Irish language (standard: Gaeilge,Munster dialect: Gaoluinn, Ulster dialect: Gaeilic) is the indigenous language of Ireland, until the Irish Potato Famine (in Irish, an Drochshaol, "the Bad Life" or an Gorta Mór "the Great Hunger") of the 1830's spoken by a majority of the inhabitants of the island of Ireland. It is closely related to Scottish Gaelic and Manx (in the Isle of Man), which are, historically speaking, dialects of Irish. These two languages are even, to some extent, intelligible to an Irish speaker: as long as there were dialects of Irish spoken in what is now the statelet of Northern Ireland, these were actually in between today's Irish and Scots Gaelic. The last native speakers of this Irish lived in the Glens of Antrim, in Rathlin Island, and in South Armagh.

Living dialects of Irish are roughly divided into three main groups: Munster Irish, Connacht Irish, and Ulster Irish. In Connacht, there is a finer distinction between the main group (the dialects of Connemara, Aran Islands, and Tourmakeady in southern Mayo) and the Northern Mayo Irish, which shows some affinities with Ulster Irish, especially in vocabulary.

Among the dialects spoken today, those of Donegal (this northern county is in historical Ulster, but it does not belong to Northern Ireland, politically) and Connemara-Aran Islands are the most viable. However, Munster Irish (which means, above all, Kerry Irish, although there are smaller pockets of Irish speakers in County Cork, in Cape Clear, and in County Waterford) has strongly influenced the official standard (and even more the official practice) due to the prestige of Munster literature in school (above all the memoirs of Peig Sayers, Tomás Ó Criomhthain, and Muiris Ó Súilleabháin from Kerry, as well as the writings by the founder of modern Irish literature, Peadar Ua Laoghaire or Peter O'Leary, from County Cork, such as the folkloristic novel Séadna and the autobiography Mo Scéal Féin, "My Own Story"). Even the nationalist fighter Padraig Pearse or Pádraig Mac Piarais, although not a native speaker, contributed with well-written and linguistically superb stories and poems to the literary revival in Irish.

The official standard as used today came about in the end of the 1940's; the reform of the written language, until then based upon the classical orthography of the sixteenth century, was long overdue, but as there was no political will to impose a reformed orthography, the chief translator of the state simply issued guidelines of his own, which were widely adopted as a standard. However, this standard - in Irish, Caighdeán - was just a compromise anyway, and it has been severely criticised by native speakers and dialect enthusiasts. Especially the prolific rural prose writer Séamus "Máire" Ó Grianna (brother of Seosamh Mac Grianna) from Donegal was very critical of the new standard.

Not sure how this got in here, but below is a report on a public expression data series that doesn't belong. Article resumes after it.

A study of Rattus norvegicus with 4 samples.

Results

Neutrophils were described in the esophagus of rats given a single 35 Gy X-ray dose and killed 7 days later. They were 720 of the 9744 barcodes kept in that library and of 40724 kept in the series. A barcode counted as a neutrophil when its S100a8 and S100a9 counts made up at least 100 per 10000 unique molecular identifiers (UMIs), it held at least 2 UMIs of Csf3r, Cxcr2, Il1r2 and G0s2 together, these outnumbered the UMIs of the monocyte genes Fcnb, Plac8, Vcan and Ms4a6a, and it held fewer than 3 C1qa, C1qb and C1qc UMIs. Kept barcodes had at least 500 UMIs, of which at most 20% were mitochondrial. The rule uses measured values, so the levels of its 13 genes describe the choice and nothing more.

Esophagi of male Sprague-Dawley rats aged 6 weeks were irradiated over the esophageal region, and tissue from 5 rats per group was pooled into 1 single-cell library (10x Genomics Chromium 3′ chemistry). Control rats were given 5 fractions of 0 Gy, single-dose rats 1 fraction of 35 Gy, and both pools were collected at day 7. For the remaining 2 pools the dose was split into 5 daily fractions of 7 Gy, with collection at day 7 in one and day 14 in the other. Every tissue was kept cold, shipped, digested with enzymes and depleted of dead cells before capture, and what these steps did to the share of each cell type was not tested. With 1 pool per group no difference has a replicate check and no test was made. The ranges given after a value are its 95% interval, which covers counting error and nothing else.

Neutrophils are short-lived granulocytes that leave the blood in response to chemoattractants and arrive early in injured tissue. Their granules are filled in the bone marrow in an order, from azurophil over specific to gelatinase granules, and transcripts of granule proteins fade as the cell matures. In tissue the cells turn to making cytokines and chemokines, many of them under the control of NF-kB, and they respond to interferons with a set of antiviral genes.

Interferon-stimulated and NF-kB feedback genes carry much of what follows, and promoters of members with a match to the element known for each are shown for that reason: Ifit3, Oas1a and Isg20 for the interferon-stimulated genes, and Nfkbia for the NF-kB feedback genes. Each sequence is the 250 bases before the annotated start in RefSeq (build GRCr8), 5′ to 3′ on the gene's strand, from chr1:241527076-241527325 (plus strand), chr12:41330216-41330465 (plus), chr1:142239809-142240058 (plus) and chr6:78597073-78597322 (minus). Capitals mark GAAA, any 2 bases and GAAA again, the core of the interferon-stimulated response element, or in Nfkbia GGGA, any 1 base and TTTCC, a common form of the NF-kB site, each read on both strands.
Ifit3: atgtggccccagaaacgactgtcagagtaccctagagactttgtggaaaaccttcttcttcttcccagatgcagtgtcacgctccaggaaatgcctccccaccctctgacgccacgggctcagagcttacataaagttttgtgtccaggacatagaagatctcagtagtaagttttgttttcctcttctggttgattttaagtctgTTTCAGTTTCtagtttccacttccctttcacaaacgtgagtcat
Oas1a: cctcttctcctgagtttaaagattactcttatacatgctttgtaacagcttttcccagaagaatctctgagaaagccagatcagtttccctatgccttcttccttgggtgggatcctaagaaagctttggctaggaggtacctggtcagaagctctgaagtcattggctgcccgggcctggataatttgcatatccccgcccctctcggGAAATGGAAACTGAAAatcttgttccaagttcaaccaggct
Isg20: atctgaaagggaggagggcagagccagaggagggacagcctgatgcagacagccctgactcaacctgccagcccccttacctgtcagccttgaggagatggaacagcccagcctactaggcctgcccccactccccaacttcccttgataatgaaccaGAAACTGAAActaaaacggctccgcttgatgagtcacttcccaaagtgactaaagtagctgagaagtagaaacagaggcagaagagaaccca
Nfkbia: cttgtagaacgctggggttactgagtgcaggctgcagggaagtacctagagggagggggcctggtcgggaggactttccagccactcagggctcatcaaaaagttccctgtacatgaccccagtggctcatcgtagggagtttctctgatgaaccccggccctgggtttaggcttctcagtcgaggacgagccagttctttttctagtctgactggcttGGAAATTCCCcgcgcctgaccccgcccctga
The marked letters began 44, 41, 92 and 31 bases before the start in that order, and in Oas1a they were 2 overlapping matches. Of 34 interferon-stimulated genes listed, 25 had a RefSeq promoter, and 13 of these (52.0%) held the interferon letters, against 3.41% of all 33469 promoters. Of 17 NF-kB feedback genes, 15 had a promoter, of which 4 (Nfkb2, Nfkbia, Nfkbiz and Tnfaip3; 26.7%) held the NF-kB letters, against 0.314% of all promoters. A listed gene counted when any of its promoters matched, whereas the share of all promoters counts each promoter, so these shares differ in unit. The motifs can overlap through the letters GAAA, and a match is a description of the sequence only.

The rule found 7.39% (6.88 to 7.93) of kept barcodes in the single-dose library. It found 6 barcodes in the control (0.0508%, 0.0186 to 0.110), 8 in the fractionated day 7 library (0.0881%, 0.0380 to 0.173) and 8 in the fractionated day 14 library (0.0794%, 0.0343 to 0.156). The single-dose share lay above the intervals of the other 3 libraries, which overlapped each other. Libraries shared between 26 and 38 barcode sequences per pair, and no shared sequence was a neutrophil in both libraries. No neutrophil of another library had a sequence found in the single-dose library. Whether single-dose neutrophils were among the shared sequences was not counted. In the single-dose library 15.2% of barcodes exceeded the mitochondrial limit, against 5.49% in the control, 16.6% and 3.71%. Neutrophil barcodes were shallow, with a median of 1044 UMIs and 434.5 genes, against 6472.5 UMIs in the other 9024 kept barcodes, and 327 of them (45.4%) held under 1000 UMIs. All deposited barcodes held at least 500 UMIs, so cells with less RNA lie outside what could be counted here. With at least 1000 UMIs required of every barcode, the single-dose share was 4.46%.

Irish might not yet be safe from extinction, but it is not going to die tomorrow, next week, or next year, and good Irish is still spoken and written in Ireland. While much of the literature written today is linguistically deficient, the writers having learnt Irish as a second language, modern Irish literature boasts of some truly distinguished writers and works, above all the great modern classics Máirtín Ó Cadhain and Seosamh Mac Grianna. Another important writer was Pádraic Ó Conaire, the first modern prose-writer in the language. Even today, there are native speakers writing in the language, such as the poet Nuala Ní Dhomhnaill, the biographer and sports journalist Pádraig Ó Baoighill, the ex-emigrant to America Maidhc Dainín Ó Sé, or the ambitious, intellectual prose writer Pádraig Ó Cíobháin. The revolt of the Sixties was in many ways incarnated in Caitlín Maude, the gifted poet, playwright and orator, who died relatively young in 1981. Many important Irish writers have written in both languages, such as the journalist and political commentator Breandán Ó hEithir, a native speaker, his elder relative Liam O'Flaherty, the humorist Flann O'Brien (aka Myles na gCopaleen), and the playwright Brendan Behan (Breandán Ó Beacháin).

The student of Irish will probably be rather disconcerted by two grammatical features above all else: the word-initial mutations in Celtic languages and the use of two different verbs "to be", which are not interchangeable (although this latter feature is also found in Spanish). However, on the other hand, Irish was drawn into the orbit of Latin much nearer than many other European languages, because Christianity entered Ireland so early. This means that even the core vocabulary of the language is replete with early Latin loan-words. Of course, the language has been, and is, influenced by English; but, above all, Irish and English have been subject to similarforeign influences, which adds to the common ground. For example, both languages have, at the same time, assimilated quite a bit of Scandinavian and Norman French borrowings: anchor/ancaire, advantage/buntáiste, giúistís/justice and many other well-established cognates witness the shared history of the two languages.